Like many people in the bike business, Jim Sayer gets a bit misty when he speaks of the late Minnesota congressman James Oberstar, who was for decades the nation’s patron saint of bicycle infrastructure.
“There was a time when Jim Oberstar had a bill with $50 million a year for national bike routes,” Sayer said, sighing. “Now of course it is zero. So that’s where we are with that.”
For Sayer, that is the U.S. Bicycle Route System, an admirably ambitious (“the mother of all bike routes”) and grotesquely underfunded plan to create an interstate bike touring network. The idea stays alive, and sometimes even slowly advances, largely because of the efforts of the Missoula, Mont.-based Adventure Cycling Association, of which Sayer is the executive director.
Adventure Cycling, 40-plus years old, is the self-propelled version of the auto club, for touring cyclists. The organization produces maps of designated riding routes (47,000 miles so far), leads bike tours, promotes bike tourism and sells gear. It has 52,000 dues-paying members.
The interstate biking network idea began in 1982, under the leadership of some state transportation officials. They designated two routes, and then forgot about it. Since Adventure Cycling stepped in in 2005, there are now 14,400 miles of routes in 26 states; more than 1,500 miles have been added annually in recent years. Those disconnected routes, scattered across the country, have been established in partnership with state departments of transportation.
It should be said that those routes are in many cases fanciful, existing only on maps, websites and in the dreams of transportation planners. Minnesota’s Route 41 is a good example. It officially runs, under the auspices of the Minnesota Department of Transportation, from St. Paul to Canada, along the North Shore. But it has no signage and includes some frightful, shoulder-free sections along busy Hwy. 61 above Lake Superior.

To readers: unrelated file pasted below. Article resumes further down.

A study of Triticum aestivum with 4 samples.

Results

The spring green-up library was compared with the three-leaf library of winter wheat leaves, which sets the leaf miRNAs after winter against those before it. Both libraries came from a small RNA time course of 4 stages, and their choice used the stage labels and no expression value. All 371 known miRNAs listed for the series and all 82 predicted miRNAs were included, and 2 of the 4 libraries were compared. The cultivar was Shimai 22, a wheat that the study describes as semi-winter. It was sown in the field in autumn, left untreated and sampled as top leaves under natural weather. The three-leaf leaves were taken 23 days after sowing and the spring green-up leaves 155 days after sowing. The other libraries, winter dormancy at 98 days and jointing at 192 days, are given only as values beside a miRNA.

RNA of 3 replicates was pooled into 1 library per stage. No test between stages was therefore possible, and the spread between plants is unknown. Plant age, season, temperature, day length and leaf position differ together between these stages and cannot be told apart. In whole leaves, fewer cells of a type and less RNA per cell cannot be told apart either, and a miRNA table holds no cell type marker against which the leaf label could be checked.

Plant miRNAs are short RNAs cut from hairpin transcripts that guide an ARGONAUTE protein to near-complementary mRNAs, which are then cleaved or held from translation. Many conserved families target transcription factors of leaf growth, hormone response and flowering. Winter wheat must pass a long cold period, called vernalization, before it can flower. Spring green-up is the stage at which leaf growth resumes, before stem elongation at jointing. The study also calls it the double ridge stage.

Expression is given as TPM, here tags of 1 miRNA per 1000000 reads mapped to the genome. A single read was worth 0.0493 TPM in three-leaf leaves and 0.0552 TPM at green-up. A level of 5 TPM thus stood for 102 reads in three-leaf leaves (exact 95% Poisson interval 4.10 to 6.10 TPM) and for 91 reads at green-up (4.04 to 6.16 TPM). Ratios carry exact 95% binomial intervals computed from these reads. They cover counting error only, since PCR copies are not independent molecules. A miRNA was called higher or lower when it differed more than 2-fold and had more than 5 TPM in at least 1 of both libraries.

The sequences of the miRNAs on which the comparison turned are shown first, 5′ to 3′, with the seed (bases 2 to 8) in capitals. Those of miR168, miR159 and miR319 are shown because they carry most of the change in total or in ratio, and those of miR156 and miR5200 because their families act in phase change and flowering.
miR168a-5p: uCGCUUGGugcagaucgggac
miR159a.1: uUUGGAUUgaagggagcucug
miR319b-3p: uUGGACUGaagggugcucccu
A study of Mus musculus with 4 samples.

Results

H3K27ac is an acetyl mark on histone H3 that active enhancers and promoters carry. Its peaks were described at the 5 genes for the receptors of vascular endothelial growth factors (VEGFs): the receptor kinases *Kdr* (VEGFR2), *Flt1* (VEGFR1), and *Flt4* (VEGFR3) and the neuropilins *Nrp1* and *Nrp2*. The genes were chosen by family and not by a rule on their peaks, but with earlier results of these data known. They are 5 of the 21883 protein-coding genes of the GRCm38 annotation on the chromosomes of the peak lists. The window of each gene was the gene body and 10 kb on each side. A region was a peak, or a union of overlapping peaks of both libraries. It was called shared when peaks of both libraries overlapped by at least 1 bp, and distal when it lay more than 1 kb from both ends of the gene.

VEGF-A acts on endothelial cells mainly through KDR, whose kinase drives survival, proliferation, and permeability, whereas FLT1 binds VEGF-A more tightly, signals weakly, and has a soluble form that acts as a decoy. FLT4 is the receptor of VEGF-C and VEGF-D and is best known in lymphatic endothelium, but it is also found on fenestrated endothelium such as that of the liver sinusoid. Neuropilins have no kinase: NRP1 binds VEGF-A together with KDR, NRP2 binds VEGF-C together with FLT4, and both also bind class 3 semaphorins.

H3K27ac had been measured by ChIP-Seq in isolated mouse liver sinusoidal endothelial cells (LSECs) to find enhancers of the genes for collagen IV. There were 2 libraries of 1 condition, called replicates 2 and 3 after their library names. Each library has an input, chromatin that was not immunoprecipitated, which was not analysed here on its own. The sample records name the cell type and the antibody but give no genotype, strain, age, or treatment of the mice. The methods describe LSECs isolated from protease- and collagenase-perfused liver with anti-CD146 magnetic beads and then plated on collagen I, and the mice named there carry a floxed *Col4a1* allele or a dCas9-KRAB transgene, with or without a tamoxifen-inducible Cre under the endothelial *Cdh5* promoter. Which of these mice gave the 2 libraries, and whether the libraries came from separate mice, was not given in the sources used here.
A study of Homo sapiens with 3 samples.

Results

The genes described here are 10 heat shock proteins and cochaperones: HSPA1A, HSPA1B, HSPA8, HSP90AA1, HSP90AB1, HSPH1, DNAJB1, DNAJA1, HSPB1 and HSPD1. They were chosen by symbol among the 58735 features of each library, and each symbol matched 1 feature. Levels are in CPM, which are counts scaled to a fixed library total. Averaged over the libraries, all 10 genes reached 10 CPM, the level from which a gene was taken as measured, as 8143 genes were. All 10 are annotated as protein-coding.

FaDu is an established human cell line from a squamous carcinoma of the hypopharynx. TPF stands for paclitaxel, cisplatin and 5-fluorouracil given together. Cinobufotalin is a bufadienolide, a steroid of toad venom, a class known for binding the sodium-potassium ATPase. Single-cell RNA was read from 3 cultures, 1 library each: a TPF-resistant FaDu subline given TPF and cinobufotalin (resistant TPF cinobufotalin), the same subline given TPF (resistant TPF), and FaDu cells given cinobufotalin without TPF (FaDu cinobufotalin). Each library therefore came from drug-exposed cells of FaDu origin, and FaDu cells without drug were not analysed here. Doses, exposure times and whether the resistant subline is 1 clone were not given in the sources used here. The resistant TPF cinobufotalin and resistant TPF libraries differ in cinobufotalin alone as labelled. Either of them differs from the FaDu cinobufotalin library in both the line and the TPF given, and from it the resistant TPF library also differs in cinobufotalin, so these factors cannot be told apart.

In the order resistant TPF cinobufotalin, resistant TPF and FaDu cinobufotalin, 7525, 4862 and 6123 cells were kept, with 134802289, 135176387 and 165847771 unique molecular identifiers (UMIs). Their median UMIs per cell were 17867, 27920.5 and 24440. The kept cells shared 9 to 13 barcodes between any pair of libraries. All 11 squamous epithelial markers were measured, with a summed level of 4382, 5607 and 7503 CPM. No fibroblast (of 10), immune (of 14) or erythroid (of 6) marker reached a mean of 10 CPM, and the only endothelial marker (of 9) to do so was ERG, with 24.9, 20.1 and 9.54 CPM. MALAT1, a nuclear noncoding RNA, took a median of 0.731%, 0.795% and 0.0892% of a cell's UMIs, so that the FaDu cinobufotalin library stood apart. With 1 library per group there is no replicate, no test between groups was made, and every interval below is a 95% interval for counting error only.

But Sayer — who chatted in advance of a three-day Twin Cities visit this week to meet with local Adventure Cycling members and spread the gospel of bike tourism — makes a case for the longer view. Ten years ago, his staff in Missoula was the principal source of information and leadership on interstate bike travel. Now, more than half of the state transportation agencies have committed to some kind of bike touring routes, and more are under discussion.
The vision, Sayer said, is a seamless, integrated 50,000-mile coast-to-coast network of signed, managed bike routes. To build that, he is asking transportation departments to view the development of bike routes with enlightened self-interest: It’s a clean, healthy, sustainable way to create jobs and make money. He points to a 2017 Outdoor Industry Association study that pegged $83 billion in annual spending to bicycle tourism. In Minnesota, a University of Minnesota study estimated that bikers on state trails annually ring up $427 million in spending — and that was 10 years ago.
Sayer, 59, the association’s leader for 14 years, was unwilling to predict when the mother-of-all-bike-route systems will be even close to complete. But he said there is renewed reason for optimism. When the Democrats took over the House of Representatives this year, the chairmanship of the House Transportation and Infrastructure Committee fell to Rep. Peter DeFazio of Oregon. DeFazio’s former biking buddy? James Oberstar.
Sayer said he has an appointment with DeFazio this spring to discuss bike touring issues, including funding for the fledgling U.S. Bicycle Route System.
“DeFazio is a retired bike mechanic,” Sayer said. “Personally, I think we need more retired bike mechanics in Congress.”
The final numbers are in for sales across America last year from the Bicycle Product Suppliers Association and the picture is this: Overall number of bikes sold, down 10 percent; mountain bikes sold, down 28 percent; road bikes sold, down 2 percent; so-called “transit/fitness” bikes sold, down 33 percent; and youth bikes sold, down 4 percent.
However, total sales for the industry were up 4 percent on the year to more than $1 billion. The explanation? E-bikes, whose sales were up 78 percent in 2018. The average wholesale price of an e-bike last year was $2,033.
Tony Brown is a freelance writer from Minneapolis. His Bike Guy column appears two times per month. Reach him at firstname.lastname@example.org. Find archived columns online at startribune.com/bikeguy.